Wednesday, March 04, 2009

Giving advice to your tween/teen!

As a mother of 3 kids (ages 19, 16, and 14) and a 17 year old exchange student. I've found a few things that work well when giving advice to preteens/teens:

1) Be honest about your past and your mistakes. Kids know you're not perfect, and it helps when you fess up. They respect when you're real with them.

2) Do something together and let the conversation come up. A bike ride, walk around the block, or drive down to favorite coffee place is great. You're shoulder-to-shoulder with your kid, instead of face to face. It's MUCH less threatening.

3) Dinner table is a great time for conversation. Make it a regular part of day. Also, I've found late at night--right when we're ready to go to bed--kids are finally unwound enough to open up. Stay up and listen.

4) Don't accuse. Rather say things like, "I've noticed ..." or "I was thinking ..." or "What do you think about ..." It makes it feel like a conversation (which it should be), not a lecture.

5) Have books lying around on topics you'd like to discuss. Then when your child picks one up and skims through it, it becomes a more natural part of the conversation.

What about do you offer advice to your tween/teens?


At Thursday, 05 March, 2009, Blogger Name: Holly Bowne said...

This is great advice. I've been focusing more on applying numbers 3 and 4 with my own teens.

I used to feel a bit frustrated when my daughter would decide to talk at 10:00 p.m. when I was tired and I knew she had to get up for school the next day. But then I realized, I need to take it when I can get it! She's only with me for a few more years!

At Friday, 06 March, 2009, Anonymous Carol @SheLives said...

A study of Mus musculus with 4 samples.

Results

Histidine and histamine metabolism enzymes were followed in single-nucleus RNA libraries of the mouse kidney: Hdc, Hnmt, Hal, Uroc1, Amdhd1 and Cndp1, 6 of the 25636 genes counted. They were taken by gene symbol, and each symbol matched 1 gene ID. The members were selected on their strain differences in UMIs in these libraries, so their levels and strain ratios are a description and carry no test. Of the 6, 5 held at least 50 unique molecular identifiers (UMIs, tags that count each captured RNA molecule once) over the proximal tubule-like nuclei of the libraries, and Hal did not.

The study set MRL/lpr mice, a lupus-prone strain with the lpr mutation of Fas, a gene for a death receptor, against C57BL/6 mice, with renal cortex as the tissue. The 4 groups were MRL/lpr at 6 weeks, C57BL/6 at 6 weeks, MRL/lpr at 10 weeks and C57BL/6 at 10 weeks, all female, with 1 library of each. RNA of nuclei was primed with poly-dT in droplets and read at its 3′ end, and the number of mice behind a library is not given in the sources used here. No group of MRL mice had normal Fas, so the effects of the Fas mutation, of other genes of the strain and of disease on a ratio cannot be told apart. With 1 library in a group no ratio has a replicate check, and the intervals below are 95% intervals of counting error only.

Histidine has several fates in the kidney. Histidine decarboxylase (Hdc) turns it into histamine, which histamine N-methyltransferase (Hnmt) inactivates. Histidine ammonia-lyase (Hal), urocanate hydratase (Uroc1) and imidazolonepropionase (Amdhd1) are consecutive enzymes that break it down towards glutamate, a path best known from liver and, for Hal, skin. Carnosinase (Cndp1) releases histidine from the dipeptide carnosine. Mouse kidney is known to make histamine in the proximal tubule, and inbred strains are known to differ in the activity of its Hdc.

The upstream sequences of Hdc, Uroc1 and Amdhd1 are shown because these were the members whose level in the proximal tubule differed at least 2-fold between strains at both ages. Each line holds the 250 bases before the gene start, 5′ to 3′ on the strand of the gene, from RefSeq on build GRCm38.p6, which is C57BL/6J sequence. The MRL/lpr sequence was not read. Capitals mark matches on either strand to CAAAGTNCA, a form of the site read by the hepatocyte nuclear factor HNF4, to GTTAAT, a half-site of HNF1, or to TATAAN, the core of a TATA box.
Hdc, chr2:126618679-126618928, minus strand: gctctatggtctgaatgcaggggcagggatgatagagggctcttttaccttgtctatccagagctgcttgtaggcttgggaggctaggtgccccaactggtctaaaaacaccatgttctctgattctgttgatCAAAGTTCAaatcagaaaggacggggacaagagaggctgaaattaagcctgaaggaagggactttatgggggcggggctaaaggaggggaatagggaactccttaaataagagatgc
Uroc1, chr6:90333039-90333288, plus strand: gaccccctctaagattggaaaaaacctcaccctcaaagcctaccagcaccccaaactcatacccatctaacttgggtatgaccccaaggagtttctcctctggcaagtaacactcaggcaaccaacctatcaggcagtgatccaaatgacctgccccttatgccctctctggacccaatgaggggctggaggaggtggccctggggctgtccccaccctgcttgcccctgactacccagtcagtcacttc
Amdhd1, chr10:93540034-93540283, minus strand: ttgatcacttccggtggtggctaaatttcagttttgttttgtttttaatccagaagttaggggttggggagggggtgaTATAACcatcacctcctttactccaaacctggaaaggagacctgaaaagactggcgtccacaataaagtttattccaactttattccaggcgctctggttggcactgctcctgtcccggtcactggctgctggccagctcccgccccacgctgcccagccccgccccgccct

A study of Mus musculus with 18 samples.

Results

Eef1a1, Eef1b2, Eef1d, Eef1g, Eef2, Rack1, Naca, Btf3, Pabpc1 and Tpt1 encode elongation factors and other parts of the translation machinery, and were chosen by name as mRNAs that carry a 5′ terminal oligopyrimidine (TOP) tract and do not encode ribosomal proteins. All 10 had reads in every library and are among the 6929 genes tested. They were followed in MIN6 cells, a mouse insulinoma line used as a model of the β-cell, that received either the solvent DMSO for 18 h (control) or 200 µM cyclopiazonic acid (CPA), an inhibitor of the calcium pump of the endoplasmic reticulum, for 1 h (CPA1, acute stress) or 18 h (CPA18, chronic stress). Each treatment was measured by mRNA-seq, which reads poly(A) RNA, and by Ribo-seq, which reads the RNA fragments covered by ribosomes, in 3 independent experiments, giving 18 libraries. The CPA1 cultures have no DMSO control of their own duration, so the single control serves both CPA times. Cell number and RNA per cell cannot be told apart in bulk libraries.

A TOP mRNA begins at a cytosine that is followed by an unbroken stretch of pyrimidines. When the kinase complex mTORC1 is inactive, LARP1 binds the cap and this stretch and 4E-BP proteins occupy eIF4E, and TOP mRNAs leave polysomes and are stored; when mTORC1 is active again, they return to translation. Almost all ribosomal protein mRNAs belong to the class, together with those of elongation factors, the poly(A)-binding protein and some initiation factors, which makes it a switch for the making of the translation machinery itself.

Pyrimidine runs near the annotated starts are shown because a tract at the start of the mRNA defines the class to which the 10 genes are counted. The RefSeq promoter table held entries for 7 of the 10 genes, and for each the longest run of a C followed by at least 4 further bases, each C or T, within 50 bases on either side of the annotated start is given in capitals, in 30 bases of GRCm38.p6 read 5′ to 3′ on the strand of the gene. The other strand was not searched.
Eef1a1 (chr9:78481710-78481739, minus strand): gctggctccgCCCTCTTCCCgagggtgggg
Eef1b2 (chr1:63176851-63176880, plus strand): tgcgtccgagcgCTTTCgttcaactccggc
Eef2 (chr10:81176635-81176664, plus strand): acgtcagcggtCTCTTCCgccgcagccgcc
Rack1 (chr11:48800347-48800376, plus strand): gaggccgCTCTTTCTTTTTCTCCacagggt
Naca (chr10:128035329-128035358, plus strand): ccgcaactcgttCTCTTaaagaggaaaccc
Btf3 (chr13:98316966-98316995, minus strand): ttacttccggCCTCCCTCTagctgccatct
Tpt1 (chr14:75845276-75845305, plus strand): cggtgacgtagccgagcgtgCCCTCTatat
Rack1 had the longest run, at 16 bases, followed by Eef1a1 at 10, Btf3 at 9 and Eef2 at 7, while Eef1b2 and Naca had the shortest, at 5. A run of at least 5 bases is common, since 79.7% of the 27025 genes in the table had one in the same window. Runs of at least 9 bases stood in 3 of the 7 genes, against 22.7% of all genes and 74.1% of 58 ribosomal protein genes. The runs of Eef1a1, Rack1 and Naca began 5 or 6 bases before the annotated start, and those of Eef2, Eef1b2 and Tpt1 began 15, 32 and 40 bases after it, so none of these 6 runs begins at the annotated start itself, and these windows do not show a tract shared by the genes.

Excellent tips. I see a couple here that I can use!

Here are a couple in return:

If you have a great talk with your tween, say so later.

"Yesterday, when we were talking about peer pressure? That was awesome! I love talking about serious stuff with you. You have some really great insights."

Keep your voice down. For some reason, they strain to hear whispering but tune shouting/yelling right out. Sotto voce is so much more effective!

At Thursday, 23 April, 2009, Blogger hybrid said...

Great parenting tips, useful and easy followable steps. Thanks for providing these steps. As today most of the teens parents are experiencing with various problems, finding more information related to teens definitely proves to be helpful. To get more teens information parents need to share their views and suggestions with other parents in any teens discussion boards or teens forums. Parenting teenagers is one of the toughest tasks to today's parents.

At Thursday, 24 February, 2011, Anonymous Mila @ Turning Winds said...

These are really helpful tips. As for myself, I allow my teens to have their friends come over. In a way, I might be able to know who and what kind of friends they have. And probably by getting close to them, they wouldn't hesitate to say things that's bothering my daughter.
I might even be able to listen to the types of conversations they have while I cook something for them. I find it very effective.